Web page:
Family-based support paves the path to college
Friends Give a Hand Up to College
The emotion in her voice and the tears in her eyes expressed both joy and relief. Ada Arciga has three daughters and she expects them all to go to college. This part of the American dream - a college education - is now in reach for Ada and her family.
Getting to this point has been a long and difficult journey. One of the most important decisions Ada made was to take part in the activities of Sunday Friends.
"The education system here in America is very different than what exists in Mexico," Ada explains. Sunday Friends has been important to Ada and her family because the organization has provided a lot of information, resources and help with the college application process.
Founded by Janis Baron in 1997, Sunday Friends serves families in San Jose, California. The organization’s mission "empowers families to break the generational cycle of poverty by fostering positive development in children, while educating and guiding parents to support their children's life success."
Sunday Friends has many programs supporting the needs of the diverse community it serves. In the Latino community, access to information and resources is critical. When and how to apply for college and how to pay for it are some of the biggest concerns for parents.
The Path-to-College program offers information on the college application process and available financial aid opportunities. Consultants address questions or concerns a family may have. Additionally, Sunday Friends offers scholarships to college-bound students. Financial support helps motivate these young students and their families to make college a reality. Even a modest amount of scholarship or financial aid support can make the difference between getting a job after high school, or going to college to pursue education and career aspirations.
Talking about her daughters’ education, Ada emphasizes, "It isn't important what they study or where they study. The number one priority has to be that the child has a desire to go to college, achieve and graduate."
For many young Latinos, the desire to go to college can often be fraught with challenges.
The pressure to graduate high school and get a job to help support their families is real. A college education often takes a back seat to the family's day-to-day survival.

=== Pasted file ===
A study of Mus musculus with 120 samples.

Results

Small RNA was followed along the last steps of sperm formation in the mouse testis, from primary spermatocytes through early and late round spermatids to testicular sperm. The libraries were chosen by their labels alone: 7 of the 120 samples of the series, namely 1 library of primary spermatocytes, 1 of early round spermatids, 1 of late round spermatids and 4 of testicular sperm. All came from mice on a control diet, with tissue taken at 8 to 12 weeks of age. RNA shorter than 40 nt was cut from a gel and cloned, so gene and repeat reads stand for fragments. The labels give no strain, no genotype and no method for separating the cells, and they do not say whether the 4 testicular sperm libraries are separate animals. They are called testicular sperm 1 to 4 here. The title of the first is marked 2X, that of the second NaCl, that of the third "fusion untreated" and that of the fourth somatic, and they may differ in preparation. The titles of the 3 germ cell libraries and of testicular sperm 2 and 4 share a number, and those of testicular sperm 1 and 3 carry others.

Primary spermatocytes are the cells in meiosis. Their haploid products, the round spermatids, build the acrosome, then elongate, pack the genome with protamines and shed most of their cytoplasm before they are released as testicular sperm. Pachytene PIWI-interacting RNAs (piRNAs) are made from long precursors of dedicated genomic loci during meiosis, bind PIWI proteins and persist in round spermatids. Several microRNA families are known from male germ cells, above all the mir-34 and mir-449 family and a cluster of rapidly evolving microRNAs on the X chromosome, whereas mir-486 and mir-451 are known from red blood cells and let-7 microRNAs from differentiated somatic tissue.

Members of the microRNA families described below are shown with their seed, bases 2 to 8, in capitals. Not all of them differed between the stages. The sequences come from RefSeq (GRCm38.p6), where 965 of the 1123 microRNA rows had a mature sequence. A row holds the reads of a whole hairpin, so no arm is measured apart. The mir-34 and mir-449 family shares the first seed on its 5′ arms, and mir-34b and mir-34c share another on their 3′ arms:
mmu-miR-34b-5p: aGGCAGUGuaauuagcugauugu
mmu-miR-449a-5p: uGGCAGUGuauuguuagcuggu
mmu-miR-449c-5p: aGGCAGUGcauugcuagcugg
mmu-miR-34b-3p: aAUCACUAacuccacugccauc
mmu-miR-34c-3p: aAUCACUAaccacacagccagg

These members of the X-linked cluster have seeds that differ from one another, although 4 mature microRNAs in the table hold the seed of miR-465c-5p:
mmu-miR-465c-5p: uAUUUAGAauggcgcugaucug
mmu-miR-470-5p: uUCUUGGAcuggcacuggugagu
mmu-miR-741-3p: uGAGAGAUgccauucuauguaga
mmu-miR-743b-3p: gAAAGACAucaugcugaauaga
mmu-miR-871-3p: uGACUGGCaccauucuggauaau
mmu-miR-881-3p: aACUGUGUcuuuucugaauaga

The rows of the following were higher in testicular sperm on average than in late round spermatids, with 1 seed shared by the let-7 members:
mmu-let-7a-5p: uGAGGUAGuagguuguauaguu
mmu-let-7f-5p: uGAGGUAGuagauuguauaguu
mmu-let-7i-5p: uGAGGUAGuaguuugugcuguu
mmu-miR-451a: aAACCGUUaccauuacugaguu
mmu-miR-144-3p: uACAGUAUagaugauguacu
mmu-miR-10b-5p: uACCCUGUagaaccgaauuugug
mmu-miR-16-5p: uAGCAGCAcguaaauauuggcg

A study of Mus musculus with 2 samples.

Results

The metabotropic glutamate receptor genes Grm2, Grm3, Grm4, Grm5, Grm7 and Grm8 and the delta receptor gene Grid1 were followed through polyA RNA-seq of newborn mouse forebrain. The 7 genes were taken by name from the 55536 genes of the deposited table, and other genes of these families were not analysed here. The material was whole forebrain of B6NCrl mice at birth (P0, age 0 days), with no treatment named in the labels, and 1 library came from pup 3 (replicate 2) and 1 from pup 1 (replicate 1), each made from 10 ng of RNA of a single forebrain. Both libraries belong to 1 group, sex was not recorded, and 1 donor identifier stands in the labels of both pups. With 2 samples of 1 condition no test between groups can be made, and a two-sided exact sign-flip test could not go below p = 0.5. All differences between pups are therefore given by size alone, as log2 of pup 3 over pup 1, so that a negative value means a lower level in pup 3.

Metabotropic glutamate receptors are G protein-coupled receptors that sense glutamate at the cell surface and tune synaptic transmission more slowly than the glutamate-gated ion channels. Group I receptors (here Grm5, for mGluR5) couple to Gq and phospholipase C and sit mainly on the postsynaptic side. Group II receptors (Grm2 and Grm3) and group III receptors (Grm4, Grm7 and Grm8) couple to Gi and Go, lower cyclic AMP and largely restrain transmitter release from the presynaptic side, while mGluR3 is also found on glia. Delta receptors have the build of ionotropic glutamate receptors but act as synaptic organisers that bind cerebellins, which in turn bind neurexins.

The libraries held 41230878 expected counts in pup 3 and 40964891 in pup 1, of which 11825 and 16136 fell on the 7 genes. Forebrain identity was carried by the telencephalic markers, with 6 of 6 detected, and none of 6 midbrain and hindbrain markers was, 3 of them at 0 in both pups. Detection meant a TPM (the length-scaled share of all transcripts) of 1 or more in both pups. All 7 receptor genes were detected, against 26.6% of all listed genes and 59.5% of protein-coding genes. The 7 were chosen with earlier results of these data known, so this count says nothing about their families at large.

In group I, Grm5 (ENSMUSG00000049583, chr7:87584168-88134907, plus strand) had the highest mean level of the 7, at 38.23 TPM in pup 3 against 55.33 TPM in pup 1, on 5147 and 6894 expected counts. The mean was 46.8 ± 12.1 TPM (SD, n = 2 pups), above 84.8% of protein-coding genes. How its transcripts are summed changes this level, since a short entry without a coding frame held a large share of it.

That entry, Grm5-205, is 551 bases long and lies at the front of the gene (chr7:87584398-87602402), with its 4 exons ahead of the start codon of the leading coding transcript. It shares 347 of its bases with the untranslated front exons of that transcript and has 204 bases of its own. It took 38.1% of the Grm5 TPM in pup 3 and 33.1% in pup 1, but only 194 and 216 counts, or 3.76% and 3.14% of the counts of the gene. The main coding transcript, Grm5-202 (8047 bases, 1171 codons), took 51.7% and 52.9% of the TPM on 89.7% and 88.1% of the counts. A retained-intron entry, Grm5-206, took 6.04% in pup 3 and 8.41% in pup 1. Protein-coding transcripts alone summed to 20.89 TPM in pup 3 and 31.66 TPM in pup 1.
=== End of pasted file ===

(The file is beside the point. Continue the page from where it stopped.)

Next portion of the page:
An example of this is Javier Ibanez. At 29 years old, Javier is an atypical college junior. That's because Javier started working right after graduating from high school. College was a dream deferred.
Javier has lived the challenges faced by immigrant Latino families in Silicon Valley. He knows that without an education, he has fewer options to reach his full potential. He credits Sunday Friends for helping him get to, and through, college.
"I knew I could do better for myself and my family," he said. "You can always make time (for school) to try and get ahead in life."
As he works toward graduation, Javier works as a part-time staff member. His time at Sunday Friends also influenced his decision to major in education. He wants to focus on helping children. Dedicated to graduating in his chosen field, and with the Sunday Friends community by his side, Javier looks toward a bright future.
Other Sunday Friends students are realizing the dream of a college education too. Ada shared the college admission letter her daughter received from her preferred university. Ada’s joy and pride was palpable. She is no longer dreaming.
1. Age should not hold you back from achieving your education. Nobody can take an education away from you.
2. Look into community college as a first step. As a local and less expensive option, it can be a great first step toward a college bachelor’s degree.
3. Look into scholarships and financial aid. There is a lot of money out there intended to help people. Begin with an online search. Follow-up with a trusted local organization with expertise.
4. Parents can't make everything happen for their kids. But, it is invaluable for parents to be there as support, a guiding light, and their kids' #1 fan.
5. Save early and save often. The financial stress of going to college can be overwhelming for families. Despite the challenge of providing for basic needs, parents must try to save for their child's education.